Tuesday, October 20, 2009
Larisa has an interesting observation about people who say that World of Warcraft is too easy: Only 0.13% of them actually beat the hardest content in the game. The other 99.87% are complaining that WoW is too easy, without having been able to beat it themselves. A good part of those 99.87% who didn't actually beat the game did however beat all or nearly all of it in normal mode, and gave up at that point. Larisa says they didn't continue because the "wipe/gear quota" of hard mode wasn't favorable enough. I think that is an interesting statement, with a lot of player psychology behind it.
Once upon a time in World of Warcraft running around in full epic gear was something special. It meant that you were part of a relatively small elite of raiders who got far enough into raid dungeons to fully equip themselves. That made you stand out in comparison to the average player, who couldn't get into a raid, or couldn't get past the first or second boss in the first raid dungeon, and who didn't have other means to acquiring epics. Fast forward to now, and I'm looking at my warrior who is just one piece away from being full epic, without ever having set a foot into Naxxramas or Ulduar. Nevertheless a given raider with a given skill is probably exactly as far away from having beaten the hardest challenge in the game in Wrath of the Lich King than he was with the same skill in vanilla WoW or The Burning Crusade.
So what has changed is not that there suddenly is no more challenge. What has changed is that the difference in rewards between somebody beating the hardest challenge and the average player has shrunk considerably. Especially in people's minds, due the "color psychology" I recently mentioned: Even if beating hard mode gives better rewards in terms of iLevel and stats, the hard mode epics aren't all that distinguishable from the iLevel 200 epics that are handed out like candy nowadays. If you haven't got epic iLevel 200 rings for example, you can do the Headless Horseman event tonight, and get at least one, if not two epic rings, for a fight that even a pickup group has trouble wiping on.
So when people say "World of Warcraft is too easy nowadays", they don't actually mean that there is no challenge left, or that the hardest challenge in the game is too easy to beat. What they are saying is that it is too easy to get rewards that are remarkably similar to those handed out for the hardest challenge. Or to say it somewhat acerbically: What good is raiding if other people aren't jealous of you?
By simply listening to who isn't complaining and who is, you can now distinguish between those who *really* raid for the challenge, and those who are just elitist. If somebody is really playing for the challenge, it wouldn't matter at all to him how easily other players could get the same or similar rewards. If the main motivation for raiding is trying to appear better than your fellow man, the rewards other players get is suddenly of the utmost importance.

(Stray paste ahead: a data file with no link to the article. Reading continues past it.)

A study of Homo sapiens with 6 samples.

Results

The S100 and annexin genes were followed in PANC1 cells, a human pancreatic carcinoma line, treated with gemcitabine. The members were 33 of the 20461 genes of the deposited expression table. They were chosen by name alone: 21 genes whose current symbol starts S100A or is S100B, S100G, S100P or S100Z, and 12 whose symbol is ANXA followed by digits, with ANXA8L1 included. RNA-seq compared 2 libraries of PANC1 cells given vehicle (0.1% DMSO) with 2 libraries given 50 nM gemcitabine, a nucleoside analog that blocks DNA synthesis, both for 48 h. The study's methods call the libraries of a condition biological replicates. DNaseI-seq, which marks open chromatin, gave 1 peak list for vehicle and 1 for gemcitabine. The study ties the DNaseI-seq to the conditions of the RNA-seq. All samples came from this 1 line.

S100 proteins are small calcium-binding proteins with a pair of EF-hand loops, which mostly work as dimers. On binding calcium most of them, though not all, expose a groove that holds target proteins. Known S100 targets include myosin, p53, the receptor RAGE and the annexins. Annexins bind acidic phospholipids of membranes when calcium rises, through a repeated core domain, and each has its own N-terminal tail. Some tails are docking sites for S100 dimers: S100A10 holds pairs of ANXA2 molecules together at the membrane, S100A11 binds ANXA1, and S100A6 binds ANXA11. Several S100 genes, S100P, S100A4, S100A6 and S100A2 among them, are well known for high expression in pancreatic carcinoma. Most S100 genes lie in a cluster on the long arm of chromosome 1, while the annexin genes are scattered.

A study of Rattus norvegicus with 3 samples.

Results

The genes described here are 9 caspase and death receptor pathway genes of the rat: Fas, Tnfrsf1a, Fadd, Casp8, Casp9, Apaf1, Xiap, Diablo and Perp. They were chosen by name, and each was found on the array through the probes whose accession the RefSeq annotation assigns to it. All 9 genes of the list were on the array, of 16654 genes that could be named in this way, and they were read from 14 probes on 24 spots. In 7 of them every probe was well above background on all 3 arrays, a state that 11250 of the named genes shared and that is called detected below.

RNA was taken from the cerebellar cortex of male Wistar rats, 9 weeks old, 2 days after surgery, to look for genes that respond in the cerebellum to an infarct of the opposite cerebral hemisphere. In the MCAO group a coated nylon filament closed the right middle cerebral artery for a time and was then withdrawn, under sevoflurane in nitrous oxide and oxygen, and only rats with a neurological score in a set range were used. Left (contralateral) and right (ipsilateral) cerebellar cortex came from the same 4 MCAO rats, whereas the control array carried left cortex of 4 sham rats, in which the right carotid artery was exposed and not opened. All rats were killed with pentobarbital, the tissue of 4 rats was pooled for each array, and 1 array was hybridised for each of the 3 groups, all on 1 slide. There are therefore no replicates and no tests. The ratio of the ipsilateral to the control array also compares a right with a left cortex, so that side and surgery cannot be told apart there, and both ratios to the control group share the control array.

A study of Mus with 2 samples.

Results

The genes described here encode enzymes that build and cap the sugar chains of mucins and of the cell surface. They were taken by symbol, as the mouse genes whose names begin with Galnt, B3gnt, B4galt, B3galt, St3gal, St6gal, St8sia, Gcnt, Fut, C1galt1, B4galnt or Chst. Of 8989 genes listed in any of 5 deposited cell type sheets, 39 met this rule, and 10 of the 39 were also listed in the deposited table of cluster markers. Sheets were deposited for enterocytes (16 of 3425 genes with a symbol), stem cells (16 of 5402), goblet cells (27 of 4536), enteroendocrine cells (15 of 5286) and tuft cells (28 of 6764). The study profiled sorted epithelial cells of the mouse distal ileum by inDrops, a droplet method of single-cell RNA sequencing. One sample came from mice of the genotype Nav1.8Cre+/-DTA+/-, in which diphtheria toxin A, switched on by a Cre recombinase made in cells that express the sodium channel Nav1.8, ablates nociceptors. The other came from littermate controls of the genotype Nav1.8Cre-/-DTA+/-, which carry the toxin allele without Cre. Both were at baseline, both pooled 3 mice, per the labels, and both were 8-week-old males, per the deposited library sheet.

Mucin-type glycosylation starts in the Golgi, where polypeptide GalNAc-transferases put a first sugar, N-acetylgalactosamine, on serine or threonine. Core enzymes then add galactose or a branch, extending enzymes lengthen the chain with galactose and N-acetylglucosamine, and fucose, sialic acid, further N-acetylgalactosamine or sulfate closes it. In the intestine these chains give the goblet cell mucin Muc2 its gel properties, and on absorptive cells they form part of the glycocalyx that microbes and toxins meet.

And then, of course, there are people like me, who believe neither that modern WoW raids are really a challenge nor in "achievements" in a video game actually meaning anything. My main reasons for raiding have always been a) hanging out with the guys, and b) epics being the key that gives you access to further content. The latter is less and less the case. Better gear makes raiding easier, but the kind of epic gear you can already get rather easily is good enough to enable you to see all content in normal mode.
What I kind of miss from the "good old times" of raiding with my priest was that the challenge at that time was about how well you played your character, at least in the case of my healer. In Molten Core and Blackwing Lair I constantly had to make intelligent decisions which were not only based on speed, but also on mana efficiency. Anyone remember "healing rotations", with one healer not casting for some time to regain mana, while another healer was taking over his role? Somewhere on the way mana efficiency was removed from the equation. Nowadays I often just spam healing spells as fast as the cooldown allows, while simultaneously playing some sort of jump'n'run platformer game, not unlike Super Mario Brothers, in which the "challenge" consists of performing this much simplified healing strategy while having to constantly move around for some artificial reason. One the one side each of these particular jump'n'run mini-games isn't all that hard to do, on the other side success very much depends on how much training you had on that particular boss, while how well you play your character class and how well you are geared has become a lot less important. So if I'm not raiding any more it isn't because raiding is too hard, too easy, too many wipes per gear, or not enough boasting potential. It is because I find the jump'n'run kind of challenge a lot less interesting than the more tactical challenge of vanilla WoW raids.